Performance Improvement and Learning from Formula One


Lots of column inches earlier in the week were on the subject of Formula One, and in particular the this season’s all conquering Mercedes team and their two drivers, world champion Lewis Hamilton and his team mate (phrase used deliberately) Nico Rosberg.

One headline that caught our eye in The Times was by the excellent Matthew Syed (@matthewsyed) which stated that F1 is a “Culture where ‘standing still is tantamount to extinction’”. This neatly sums up an attitude we frequently see in consistently top performers.

Irrespective of how successful they already are they are looking for new ways to go further, faster, higher. If they are already number one they’re thinking about what they need to change or do more of to stay there, and if they’re not already performing as well as they would like they’re considering what they need to do differently to improve. There’s an undeniable logic that if you have a desire to improve, to get better, then you’ll need to do something differently, which means changing something. Some people in business have warped view that “people don’t like change” or “are creatures of habit”.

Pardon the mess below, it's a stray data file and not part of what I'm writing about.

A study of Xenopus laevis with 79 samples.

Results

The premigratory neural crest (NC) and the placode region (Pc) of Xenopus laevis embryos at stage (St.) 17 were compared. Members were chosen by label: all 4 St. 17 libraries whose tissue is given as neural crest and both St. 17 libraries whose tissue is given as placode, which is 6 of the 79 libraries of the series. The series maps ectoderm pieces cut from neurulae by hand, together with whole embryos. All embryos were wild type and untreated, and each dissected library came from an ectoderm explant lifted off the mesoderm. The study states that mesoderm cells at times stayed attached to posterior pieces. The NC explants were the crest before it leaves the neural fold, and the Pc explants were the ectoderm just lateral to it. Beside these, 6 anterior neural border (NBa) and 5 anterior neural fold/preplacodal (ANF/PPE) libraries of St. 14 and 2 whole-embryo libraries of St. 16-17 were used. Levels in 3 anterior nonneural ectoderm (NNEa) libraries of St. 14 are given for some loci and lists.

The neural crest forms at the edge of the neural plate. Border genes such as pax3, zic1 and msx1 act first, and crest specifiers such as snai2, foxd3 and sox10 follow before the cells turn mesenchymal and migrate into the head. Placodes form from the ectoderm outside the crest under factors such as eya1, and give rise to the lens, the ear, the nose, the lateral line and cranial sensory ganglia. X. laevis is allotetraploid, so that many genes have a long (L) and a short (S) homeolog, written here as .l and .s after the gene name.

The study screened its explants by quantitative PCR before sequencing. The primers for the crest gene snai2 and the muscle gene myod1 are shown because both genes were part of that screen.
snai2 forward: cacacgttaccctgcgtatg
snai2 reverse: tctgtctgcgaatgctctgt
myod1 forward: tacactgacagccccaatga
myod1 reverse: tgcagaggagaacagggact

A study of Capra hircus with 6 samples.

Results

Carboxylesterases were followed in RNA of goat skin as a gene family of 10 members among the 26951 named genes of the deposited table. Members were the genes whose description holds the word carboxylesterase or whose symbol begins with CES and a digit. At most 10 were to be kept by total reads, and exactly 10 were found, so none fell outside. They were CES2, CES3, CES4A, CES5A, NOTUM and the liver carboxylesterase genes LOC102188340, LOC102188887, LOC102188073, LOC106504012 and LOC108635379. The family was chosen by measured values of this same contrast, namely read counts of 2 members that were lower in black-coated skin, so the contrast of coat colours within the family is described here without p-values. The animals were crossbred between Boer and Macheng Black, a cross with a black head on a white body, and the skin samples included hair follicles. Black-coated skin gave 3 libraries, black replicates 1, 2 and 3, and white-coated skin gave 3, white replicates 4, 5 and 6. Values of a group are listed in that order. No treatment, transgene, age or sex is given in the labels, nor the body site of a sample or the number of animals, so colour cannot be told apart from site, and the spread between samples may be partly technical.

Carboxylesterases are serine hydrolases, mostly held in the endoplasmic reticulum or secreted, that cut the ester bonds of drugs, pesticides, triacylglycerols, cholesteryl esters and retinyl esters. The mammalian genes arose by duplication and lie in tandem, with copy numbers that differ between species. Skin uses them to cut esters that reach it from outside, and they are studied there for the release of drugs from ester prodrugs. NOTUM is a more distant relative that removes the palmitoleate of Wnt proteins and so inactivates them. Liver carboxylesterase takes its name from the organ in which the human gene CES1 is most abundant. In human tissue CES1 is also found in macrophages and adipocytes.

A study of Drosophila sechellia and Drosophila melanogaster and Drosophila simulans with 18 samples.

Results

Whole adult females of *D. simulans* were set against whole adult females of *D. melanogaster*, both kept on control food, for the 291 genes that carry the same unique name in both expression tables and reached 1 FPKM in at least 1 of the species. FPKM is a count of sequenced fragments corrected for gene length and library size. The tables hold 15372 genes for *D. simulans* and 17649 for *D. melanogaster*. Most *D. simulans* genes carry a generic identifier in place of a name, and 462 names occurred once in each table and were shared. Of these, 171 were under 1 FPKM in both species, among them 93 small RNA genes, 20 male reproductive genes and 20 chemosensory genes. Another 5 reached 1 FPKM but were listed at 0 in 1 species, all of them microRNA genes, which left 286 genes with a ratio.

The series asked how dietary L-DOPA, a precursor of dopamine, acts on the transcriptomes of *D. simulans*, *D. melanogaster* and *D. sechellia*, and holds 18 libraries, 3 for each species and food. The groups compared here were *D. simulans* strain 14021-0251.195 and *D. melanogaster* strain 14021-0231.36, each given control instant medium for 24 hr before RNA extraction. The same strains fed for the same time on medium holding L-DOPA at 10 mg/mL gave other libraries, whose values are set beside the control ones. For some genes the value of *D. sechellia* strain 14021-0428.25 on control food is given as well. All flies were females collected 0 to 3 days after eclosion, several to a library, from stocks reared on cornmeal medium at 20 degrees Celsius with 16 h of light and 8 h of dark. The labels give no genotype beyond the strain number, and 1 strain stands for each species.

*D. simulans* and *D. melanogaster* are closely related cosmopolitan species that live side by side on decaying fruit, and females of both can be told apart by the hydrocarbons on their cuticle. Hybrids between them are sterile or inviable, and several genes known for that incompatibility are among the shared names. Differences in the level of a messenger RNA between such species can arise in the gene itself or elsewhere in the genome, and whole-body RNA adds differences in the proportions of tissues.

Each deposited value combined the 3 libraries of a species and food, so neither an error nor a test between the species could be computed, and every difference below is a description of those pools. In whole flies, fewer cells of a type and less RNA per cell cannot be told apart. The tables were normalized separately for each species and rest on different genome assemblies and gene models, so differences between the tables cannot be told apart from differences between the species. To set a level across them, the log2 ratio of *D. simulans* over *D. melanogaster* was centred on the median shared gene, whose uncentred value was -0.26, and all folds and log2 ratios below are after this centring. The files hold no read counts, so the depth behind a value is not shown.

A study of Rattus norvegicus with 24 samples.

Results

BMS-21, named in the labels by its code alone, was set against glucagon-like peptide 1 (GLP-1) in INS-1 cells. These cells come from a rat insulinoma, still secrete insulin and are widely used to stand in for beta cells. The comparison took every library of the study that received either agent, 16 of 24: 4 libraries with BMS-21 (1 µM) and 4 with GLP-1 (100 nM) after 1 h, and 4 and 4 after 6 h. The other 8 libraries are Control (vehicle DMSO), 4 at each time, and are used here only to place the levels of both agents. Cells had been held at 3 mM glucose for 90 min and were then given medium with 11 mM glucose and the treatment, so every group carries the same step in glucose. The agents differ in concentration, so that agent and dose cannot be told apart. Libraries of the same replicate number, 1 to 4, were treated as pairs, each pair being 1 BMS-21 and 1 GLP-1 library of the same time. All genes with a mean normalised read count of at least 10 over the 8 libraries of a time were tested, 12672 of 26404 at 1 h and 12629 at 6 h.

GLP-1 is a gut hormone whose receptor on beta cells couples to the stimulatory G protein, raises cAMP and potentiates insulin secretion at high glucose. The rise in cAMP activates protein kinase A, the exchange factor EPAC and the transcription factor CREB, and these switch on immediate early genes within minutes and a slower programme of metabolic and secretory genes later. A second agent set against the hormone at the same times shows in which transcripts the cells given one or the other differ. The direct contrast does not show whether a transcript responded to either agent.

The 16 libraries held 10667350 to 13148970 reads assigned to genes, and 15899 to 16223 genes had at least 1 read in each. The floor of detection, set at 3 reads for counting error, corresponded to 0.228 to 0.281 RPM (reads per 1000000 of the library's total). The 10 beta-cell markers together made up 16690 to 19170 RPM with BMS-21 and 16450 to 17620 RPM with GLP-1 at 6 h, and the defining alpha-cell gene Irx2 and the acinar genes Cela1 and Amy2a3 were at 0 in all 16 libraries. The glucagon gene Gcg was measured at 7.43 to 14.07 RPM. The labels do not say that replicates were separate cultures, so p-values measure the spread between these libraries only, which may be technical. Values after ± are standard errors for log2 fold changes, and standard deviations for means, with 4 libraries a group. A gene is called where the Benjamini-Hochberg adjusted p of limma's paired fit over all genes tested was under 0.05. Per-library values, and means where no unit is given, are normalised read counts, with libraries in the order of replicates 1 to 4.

In the world of high performance it’s the other way round. People embrace change. They are constantly looking for innovations, large or small, that will move them forwards towards their goal(s). We believe the vast majority of people do want to learn and get better.

In Formula One we would see this desire to improve coming through in just about every aspect of their performance. They will be monitoring data and continually experimenting to see what could help them go quicker. Consider for a moment all the factors that impact how well you perform personally and in your team, on any given task, any given project or on any given day. There are some that you won’t have 100% control over but there will be many that you can influence directly and each one represents a potential area for performance improvement.

Performance improvement can come through process improvement but the chances are that if your business is going to remain or be even more successful then you and all your colleagues are going to need to improve your performances too. It’s very unlikely that you’re working in the same ways as you were ten years ago, five years ago, two years or even one and it’s just as likely that in a year’s time you’ll need to be working differently to how you are now.

If not you might not be quite extinct, but you might be heading that way. And to be not just surviving but actually thriving you might need to be even more different to how you are now. As with any change in actions and behaviour it stars with attitude, so working on a high performance attitude around improvement and change is a necessary start if you want to be as successful as you possibly can be.